Eye problems are a common occurrence with a wide variety of species. I have examined cows, pigs, hamsters, snakes, turtles, rabbits, dogs, and cats for ocular conditions. I even recently reviewed a report of a 27 year old Asian bull elephant that was treated for corneal ulcers. In short, any species can suffer from one form or another of ocular disorders. Since eyes are very fragile, you should call and set up an appointment for an exam at your family veterinarian’s office as soon as you notice that something is amiss.
One of the most common eye conditions I see in animals are corneal ulcers. The cornea is the clear, soft, convex, surface of the eye and is quite easily injured. Ulcers often develop when the layer of cells that cover the cornea is damaged usually by some type of traumatic event. These injuries occur frequently in breeds that have protruding eyes such as Pugs and Boston Terriers but can occur in any breed or species. Untreated, ulcers can very quickly erode through the cornea allowing the eye to rupture. In most instances once the eye ruptures nothing can be done to save the eye, which will then require removal.
Infections are another common cause of eye disease that can very quickly result in loss of vision. Both bacteria and viruses are responsible for infections in a wide variety of species. Cats and especially kittens suffer from herpes virus infections. These infections are particularly serious in patients who are positive for the feline retroviruses (feline leukemia and feline immunodeficiency virus). As in humans retroviral infections cause serious immune suppression, sometimes thwarting any ability to fight off infection. Fortunately we have very accurate tests to evaluate the retroviral status of your cat. If your feline friend is positive your veterinarian may need to treat ocular infections more aggressively.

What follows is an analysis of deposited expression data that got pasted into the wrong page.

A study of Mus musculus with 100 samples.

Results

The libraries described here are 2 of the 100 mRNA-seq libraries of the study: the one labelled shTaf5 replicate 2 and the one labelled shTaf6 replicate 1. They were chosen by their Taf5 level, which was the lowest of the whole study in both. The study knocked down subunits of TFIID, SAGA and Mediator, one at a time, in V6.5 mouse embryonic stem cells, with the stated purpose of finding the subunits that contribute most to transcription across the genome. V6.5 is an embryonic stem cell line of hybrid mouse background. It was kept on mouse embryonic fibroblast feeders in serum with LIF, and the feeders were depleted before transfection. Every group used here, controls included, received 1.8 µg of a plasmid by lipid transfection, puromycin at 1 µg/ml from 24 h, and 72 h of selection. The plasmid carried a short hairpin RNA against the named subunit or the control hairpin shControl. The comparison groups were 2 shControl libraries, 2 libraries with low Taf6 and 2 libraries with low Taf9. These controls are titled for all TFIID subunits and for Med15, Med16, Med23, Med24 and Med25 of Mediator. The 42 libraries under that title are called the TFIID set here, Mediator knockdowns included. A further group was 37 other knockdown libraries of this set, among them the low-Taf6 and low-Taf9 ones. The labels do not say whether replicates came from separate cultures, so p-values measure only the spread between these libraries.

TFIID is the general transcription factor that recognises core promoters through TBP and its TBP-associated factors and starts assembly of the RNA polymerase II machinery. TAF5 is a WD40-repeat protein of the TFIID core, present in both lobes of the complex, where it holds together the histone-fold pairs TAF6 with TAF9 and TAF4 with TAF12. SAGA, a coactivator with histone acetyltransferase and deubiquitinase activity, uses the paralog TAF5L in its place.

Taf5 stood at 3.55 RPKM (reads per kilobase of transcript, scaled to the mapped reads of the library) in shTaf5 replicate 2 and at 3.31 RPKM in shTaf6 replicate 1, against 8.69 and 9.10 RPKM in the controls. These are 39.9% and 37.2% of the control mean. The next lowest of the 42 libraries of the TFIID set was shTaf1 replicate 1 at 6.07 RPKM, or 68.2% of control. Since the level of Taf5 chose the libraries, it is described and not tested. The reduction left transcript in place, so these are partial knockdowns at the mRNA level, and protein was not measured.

Bacterial infections are no less serious than viral infections. Many species of bacteria produce chemicals that will degrade corneal proteins. If intervention is not initiated early enough the cornea will “melt away” resulting in loss of vision and possibly loss of the eye.
Additionally eyes can be portals to other disease processes originating in body systems far distant from the eyes. Cataracts can result from diabetes in small animals. High blood pressure often causes retinal detachment and blindness in cats. I have been alerted to life threatening bleeding disorders by first observing bleeding in the eyes. In rabbits, rodents, and reptiles ocular discharge may be the first sign that your pet is suffering from a serious sinus infection.
The bottom line is that if you suspect anything is wrong with your pet’s eyes seek veterinary attention as soon as possible. The quicker you do the greater the odds that you will be able to save their eyesight, or maybe even their lives.